How Job Insecurity & Professional Cowardice Made Bud Light Stumble For The First Time Ever.

Ads blamed for Bud Lite sales fall.

A  US Budweiser campaign, “Drinkability”, is being blamed for the first full year sales decline in Bud Lite history. This in a recession when beer sales are often one of few things that go up. A firm of consultants  was  involved. Apparently their recommendations became ad briefs which DDB and Euro anwered by coming up with the “Drinkability” campaign.

Lots of voices are now being heard from all quarters about why this happened and who is at fault.

A Wide Range Of Differing Opinions.

A number of points have been made including:

“Were the spots entertaining? No. Were they loaded with brief-filling, focus group-tested, chest-puffing talking points? Yes.” – Adman blog posting

“Consulting doesn’t boast creative expertise nor does it have any interest in “starting a turf war” with creative agencies.” – A consultancy spokesperson

“…some clients will pay consultants millions to rehash research and refine positioning, but then they pressure agencies to lower costs on the thinking/ideas that positions and builds awareness of a brand and ultimately sell products.” – online comment posting

“Unfortunately, too many people are willing to blindly accept whatever “dictate” trickles down and don’t bother to question the validity of the premise or invest themselves in its integrity. This is a cause for shame in our industry. It opens the door for spectators to broadly crucify agencies and consultants, wastes money, damages brands, and demoralizes everyone involved.” – online comment posting

“Agency creative directors tend to do more damage to brands if left unchecked. They too often develop high concept ads that win awards but do very little to motivate consumers in any way. The examples are endless.” – online comment posting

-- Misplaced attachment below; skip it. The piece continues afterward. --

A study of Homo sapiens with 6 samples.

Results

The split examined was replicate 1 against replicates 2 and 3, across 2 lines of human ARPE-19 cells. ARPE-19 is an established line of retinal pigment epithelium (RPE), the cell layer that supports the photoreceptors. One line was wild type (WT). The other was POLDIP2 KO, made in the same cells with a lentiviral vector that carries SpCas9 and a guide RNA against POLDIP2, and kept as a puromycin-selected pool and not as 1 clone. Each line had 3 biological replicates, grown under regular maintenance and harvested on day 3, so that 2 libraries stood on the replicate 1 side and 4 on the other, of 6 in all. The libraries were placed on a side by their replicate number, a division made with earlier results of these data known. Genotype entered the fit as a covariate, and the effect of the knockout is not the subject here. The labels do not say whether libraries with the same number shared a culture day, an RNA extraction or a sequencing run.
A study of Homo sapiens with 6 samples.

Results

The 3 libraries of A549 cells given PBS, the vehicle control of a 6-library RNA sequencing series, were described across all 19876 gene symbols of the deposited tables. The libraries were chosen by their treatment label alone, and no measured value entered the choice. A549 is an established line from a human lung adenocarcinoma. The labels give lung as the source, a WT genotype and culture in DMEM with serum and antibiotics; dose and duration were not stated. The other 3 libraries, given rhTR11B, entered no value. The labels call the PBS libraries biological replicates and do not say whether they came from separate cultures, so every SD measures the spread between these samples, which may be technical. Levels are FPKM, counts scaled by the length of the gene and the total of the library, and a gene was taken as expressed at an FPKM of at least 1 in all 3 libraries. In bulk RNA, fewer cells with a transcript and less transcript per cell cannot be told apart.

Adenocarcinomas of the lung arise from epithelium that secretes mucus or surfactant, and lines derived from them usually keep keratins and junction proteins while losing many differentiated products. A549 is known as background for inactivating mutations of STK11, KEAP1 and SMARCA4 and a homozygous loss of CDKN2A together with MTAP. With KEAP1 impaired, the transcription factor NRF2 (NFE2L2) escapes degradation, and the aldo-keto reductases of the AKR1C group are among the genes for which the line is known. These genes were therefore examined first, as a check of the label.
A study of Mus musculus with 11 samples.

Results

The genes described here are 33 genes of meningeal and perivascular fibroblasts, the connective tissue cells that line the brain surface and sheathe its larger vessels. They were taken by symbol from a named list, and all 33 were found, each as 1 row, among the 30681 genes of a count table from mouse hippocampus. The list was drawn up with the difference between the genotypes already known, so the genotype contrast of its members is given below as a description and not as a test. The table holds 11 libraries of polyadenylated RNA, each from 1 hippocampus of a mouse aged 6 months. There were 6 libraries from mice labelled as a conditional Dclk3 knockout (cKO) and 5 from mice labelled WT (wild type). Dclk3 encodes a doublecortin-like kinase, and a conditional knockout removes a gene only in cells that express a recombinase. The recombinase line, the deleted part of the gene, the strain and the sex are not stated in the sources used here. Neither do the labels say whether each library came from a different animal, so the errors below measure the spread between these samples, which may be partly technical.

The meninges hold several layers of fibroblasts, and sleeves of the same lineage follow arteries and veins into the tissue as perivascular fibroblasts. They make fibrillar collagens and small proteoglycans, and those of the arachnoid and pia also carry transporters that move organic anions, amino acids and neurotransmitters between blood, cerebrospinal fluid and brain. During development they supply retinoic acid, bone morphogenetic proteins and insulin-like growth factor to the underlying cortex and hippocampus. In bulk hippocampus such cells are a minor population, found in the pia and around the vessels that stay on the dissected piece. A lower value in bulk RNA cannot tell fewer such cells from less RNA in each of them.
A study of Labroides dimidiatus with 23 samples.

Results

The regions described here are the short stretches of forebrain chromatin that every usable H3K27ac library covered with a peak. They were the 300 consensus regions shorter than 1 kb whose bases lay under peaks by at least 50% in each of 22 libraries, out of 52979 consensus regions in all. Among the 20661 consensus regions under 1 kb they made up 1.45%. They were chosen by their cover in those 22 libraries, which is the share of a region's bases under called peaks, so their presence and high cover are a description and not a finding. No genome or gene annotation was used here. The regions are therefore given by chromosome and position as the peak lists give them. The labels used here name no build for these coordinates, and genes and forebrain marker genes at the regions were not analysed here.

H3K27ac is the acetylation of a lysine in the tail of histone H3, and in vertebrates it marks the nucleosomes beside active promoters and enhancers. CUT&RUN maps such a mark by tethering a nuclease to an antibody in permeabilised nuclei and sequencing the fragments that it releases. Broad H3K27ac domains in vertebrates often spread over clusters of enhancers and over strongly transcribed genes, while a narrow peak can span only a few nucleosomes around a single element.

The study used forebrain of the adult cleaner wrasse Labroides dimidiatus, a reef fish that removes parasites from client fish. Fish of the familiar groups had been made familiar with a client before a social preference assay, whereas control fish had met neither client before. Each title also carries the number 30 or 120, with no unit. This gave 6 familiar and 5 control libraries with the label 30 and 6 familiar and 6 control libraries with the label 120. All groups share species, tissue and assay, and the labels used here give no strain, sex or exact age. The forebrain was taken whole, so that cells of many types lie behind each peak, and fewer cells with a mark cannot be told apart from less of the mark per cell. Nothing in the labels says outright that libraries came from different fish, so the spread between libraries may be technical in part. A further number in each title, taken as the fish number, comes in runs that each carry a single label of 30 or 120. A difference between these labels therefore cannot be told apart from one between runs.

Others attribute the Bud Lite decline to Anheuser-Busch being bought by InBev.

Then of course there’s the question of whether one can or can’t directly correlate advertising and sales. Well, one can’t have it both ways.

All these points have merit to a greater or lesser degree. However, I think there’s a simpler, deeper issue behind all this.

When you’re scared you tend to make bad decisions.

Let’s face it, those ads are weak. The consultant-driven briefs that Budweiser Marketing pushed on DDB and Euro should have been declined immediately for what they clearly were: weak, lacking compelling beer consumer insights and likely to generate poor advertising harmful to Bud Lite in the competitive context.

Next, the agencies should have proposed better briefs, drawing on what was useful from the consultant reports, avoiding what wasn’t or was clearly going to harm the brand. At that point the Bud clients needed to listen carefully, debate it skillfully and collaborate on agreeing powerful briefs.

The Great Recession is partly to blame, as is unchecked Procurement thinking.

Budget cutbacks and the retrenchment of expensive but experienced ad talent have taken a toll. We seem to be left with scared ad agency people lacking the experience and the faith in their craft, and thus also the confidence in it, to do their jobs bravely and professionally. To say a professional “No” instead of an easy, but ultimately ruinous “Yes”.

Advertising is an industry with a high proportion of people eager to please and who are in fundamentally weak positions relative to their clients. As a result they are thus very vulnerable to being bullied by equally scared, inexperienced or under-qualified marketing staff.

The result of all of this seems to be increasing levels of professional cowardice. Among advertising people, and among Marketers too.

That old Young & Rubicam house ad nails it. The one that shows a spinal column from the neck to the coccyx with the headline, as I recall it:

“This is a backbone. You can’t run a good ad agency without one.”

Actually, you can’t run any good business without one.

(PS, if anyone has a copy or a link to that Y&R ad please link it in the comments below or email me. Tx.)